Pennywise’s Fletcher Dragge takes a thoughtful swig of beer and licks his lips. He’s trying to come up with the right words to describe its flavor.
“It doesn’t taste like vodka, which is my usual drink of choice,” the Pennywise guitarist says. “I’d say it’s a cross between a Budweiser and a grapefruit.”
Dragge pauses for a moment, as if for dramatic effect. Then he leans in, chuckling: “I’m kind of kidding.”
Dragge spoke to Amplify Friday night as he and his bandmates were hanging at The Standing Room in their hometown of Hermosa Beach, California to celebrate the release of “Pennywiser,” a new Session IPA they produced with Lost Coast Brewery. The craft beer will be available in Southern California stores, bars and restaurants beginning in early September.
Pennywise members for as many as 20 years considered creating a beer that represented their lifestyle of punk rock and fun times, but for one reason or another it just didn’t happen – until now.
Says Dragge: “We drink a lot of beer. We figured if we have our own beer, then we’d have an unlimited supply.”
Pennywise follows a slew of rock, metal and punk musicians who have teamed up with breweries to create signature beers that reflect their roots, image and sound. Bands and beers appear to be a natural collaboration that is ripe with potential in terms of marketing, promotion and profits.
Kid Rock, for instance, put out “Badass American Lager” in his native Michigan, according to Loudwire. AC/DC created a pale lager in a pint-sized can called “Australian Hardrock” (“If you wanna rock hard, you need the right beer,” the drink’s website points out).
Pearl Jam has a fruit beer called “Faithfull Ale,” which the band crafted with Delaware’s Dogfish Head Brewery to celebrate the 20th anniversary of the “Ten” album.
Pennywiser upon first glance looks as imposing as the six-foot-five Dragge himself. It comes in a one pint, six-ounce brown bottle that, from the looks of it, holds a lot of brew.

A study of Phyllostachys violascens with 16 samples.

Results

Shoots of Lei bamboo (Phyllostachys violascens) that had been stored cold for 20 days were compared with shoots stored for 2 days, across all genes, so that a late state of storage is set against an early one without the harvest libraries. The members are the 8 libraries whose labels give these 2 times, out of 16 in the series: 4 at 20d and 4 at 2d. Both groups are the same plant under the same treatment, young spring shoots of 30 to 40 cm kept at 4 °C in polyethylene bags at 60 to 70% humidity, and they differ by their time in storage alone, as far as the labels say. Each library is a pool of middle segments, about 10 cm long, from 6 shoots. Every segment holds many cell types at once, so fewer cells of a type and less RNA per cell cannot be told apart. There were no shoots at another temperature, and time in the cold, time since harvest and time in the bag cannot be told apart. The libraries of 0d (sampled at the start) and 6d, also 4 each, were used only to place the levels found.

But when you look closely at the label, it is – much like Dragge – pragmatic and clever. The tag line under the Pennywiser name reads, “The Bro-Hymn of Beers.”
“Bro Hymn” and “Bro Hymn Tribute” are 1991 and 1997 Pennywise songs, respectively. The latter is about the deaths of several friends, including former bassist Jason Thirsk.
“If I hated it, I’d tell them,” says friend Scott Sheleretis while drinking Pennywiser. He grew up with the boys in Hermosa Beach and was the best man at drummer Byron McMakin’s wedding. “I’m brutally honest, which gets me in trouble. I hate IPAs. But this one, I can drink.”
Adds Rob Morgan of West Torrence, California: “I’m a friend and fan of beer.”
Pennywiser was made with Cascade, Crystal, Chinook and Citra hops, the band’s website says.
The site further describes the story behind the beer.
“Known for their irreverence, independence, and doing things their own way, Pennywise remained true to their roots and their fans when developing “Pennywiser,” focusing on creating a unique brew that’s easy to drink and appeals to a wide range of beer drinkers.”
Dragge says the band aimed to make Pennywiser a hoppy IPA that was light enough for people to enjoy a few without getting totally hammered. The beer has an alcohol content of 4.8 percent.
“We wanted something we could drink all day,” Dragge says. “It’s refreshing.”
Pennywise fan Eric Albrecht put down his vodka soda to try Pennywiser.
“It’s not the shit you typically get at concerts,” says Albrecht after a hearty first swallow. “It’s good quality beer.”
Pennywise just finished a festival tour in Europe and Japan. The band is gearing up for Canada’s Music 4 Cancer Festival Sept. 14; Chicago’s Riot Fest Sept. 15-17; and San Diego’s Scallywag! festival Oct. 21.
Pennywise is scheduled to tour Australia in October and November.